Towns pay a high price for power

Across the nation, cities are taking advantage of deals for cheaper electricity made possible by low-cost natural gas. But not in five Chicago suburbs and more than 200 other Midwestern towns that made a big bet on coal.

Almost every month, Batavia, Geneva, Naperville, St. Charles and Winnetka are among dozens of municipalities feeling the sting of their decisions to finance the Prairie State Energy Campus in southern Illinois.

The promised savings simply have not materialized.

"Now THAT was expensive," a Winnetka village engineer wrote in an email responding to a recent power invoice.

Representatives of the affected cities say they still expect investing in the coal plant will pay off in the long run. But with Prairie State's construction costs totaling $5 billion and natural gas prices expected to remain relatively low, these communities likely will pay higher prices for electricity for another decade, according to analyses for Batavia and the city of Cleveland.

Batavia, which signed up for more electricity than it ended up needing, will be selling excess power from the coal plant at a loss for years to come, according to a report prepared for city officials.

"In retrospect, we should have focused on a little more diversity in our portfolio," said Gary Holm, the city's director of public works.

The costly deals are affecting more than 2.5 million residents in Illinois, Indiana, Kentucky, Michigan, Missouri, Ohio, Virginia and West Virginia whose cities belong to municipal power agencies that bought shares of the coal plant six years ago.

At the time, municipal officials saw Prairie State as a reliable, affordable source of electricity and locked themselves into 28-year contracts with a company formed by Peabody Energy, the nation's largest coal producer. Peabody ended up with just a 5 percent stake in the plant after shifting most of the costs — and nearly all of the financial risks — to towns as small as 1,200 people.

The arrangement has drawn the attention of the Securities and Exchange Commission, which this year subpoenaed Peabody and municipal power agencies for more information related to Prairie State.

Today, many of the communities that bought into the coal plant are paying far more than neighboring cities for electricity, records obtained by the Tribune show.

According to monthly invoices obtained under the Freedom of Information Act, Naperville has been paying a monthly average of $75.04 a megawatt hour this year, for example.

By contrast, Chicago pays about $56 a megawatt hour through a deal city officials negotiated after voters approved a proposal for bulk purchasing of electricity, or municipal aggregation. Many other communities have secured even cheaper rates.

"Given current market conditions and forecasts, there is no question that Prairie State is not turning out to be a good deal for these communities," said David Kolata, executive director of the Citizens Utility Board, a nonprofit group created by Illinois lawmakers to represent residential utility customers. "They locked themselves into power at a very high price when they could be doing a lot better out on the market."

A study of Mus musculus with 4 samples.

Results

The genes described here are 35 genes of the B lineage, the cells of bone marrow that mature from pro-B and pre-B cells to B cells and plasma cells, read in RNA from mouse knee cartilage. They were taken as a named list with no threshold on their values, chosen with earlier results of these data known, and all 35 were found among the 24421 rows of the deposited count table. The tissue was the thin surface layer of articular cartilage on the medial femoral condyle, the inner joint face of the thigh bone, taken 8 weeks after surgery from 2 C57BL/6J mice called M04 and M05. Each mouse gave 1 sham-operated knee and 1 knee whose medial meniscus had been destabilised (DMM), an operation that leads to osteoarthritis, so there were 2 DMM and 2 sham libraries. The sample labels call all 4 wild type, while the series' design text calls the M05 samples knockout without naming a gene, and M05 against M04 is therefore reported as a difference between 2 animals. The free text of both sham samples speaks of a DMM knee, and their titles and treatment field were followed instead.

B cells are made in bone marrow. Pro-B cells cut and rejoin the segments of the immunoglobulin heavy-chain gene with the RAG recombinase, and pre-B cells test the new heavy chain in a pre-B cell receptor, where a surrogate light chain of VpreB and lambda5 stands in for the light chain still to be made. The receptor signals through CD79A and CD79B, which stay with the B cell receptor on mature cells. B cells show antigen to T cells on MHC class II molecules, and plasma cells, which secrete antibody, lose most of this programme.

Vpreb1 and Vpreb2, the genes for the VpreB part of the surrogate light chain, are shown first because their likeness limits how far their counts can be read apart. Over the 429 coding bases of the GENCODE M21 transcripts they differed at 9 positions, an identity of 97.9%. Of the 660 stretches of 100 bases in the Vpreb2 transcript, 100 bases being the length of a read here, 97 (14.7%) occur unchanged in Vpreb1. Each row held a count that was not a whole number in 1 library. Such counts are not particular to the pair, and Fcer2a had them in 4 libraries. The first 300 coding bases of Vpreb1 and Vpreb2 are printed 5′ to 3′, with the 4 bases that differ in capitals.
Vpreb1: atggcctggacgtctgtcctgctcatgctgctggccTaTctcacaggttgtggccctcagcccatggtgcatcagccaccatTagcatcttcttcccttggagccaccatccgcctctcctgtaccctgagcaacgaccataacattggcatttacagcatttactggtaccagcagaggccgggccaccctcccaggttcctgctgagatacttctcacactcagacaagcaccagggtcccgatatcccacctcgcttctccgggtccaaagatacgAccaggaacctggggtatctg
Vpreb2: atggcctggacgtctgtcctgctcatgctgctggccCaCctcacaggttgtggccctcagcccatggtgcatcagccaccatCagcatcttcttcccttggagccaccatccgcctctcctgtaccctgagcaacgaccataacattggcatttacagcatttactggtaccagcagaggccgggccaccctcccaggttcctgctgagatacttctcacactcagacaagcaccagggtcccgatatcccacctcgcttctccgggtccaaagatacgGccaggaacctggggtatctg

Homeowners and other ratepayers have largely been kept in the dark about the higher costs. Municipal contracts with the coal plant's operator require "any information of a technical, commercial or business nature" be kept confidential from all but a few officials. Meeting minutes show that discussions about the plant mostly take place in closed-door executive sessions.

Critics contend that elected officials didn't know enough about the project to make informed decisions, leaving cash-strapped communities struggling to cover years of extra costs while waiting for benefits to materialize.

"These people are car mechanics and insurance salesmen, not energy experts," Batavia resident Betsy Zinser said of municipal officials. A former commercial banker, she has persistently raised questions about the coal plant at public meetings. "They were bamboozled by Peabody and the municipal power agencies," she said.

Prairie State's government investors continue to defend the project. In May they released an annual report that stated "the future of energy is here," described critics as "cynics" and called the coal plant a "reliable, low-cost and stable source of electric power that is produced in a safe and environmentally responsible manner."

In a statement, Peabody said it is cooperating with the SEC investigation and called Prairie State "one of the most transparent projects of its kind." The company also predicted the power plant will be cheaper than other providers in the long run because its municipal owners avoided transportation costs by purchasing a coal mine next to the plant.

"After performing extensive research and investigating all options for new long-term power sources, they concluded that Prairie State was the right project and took an active role in the development of the facility," wrote Vic Svec, a Peabody spokesman.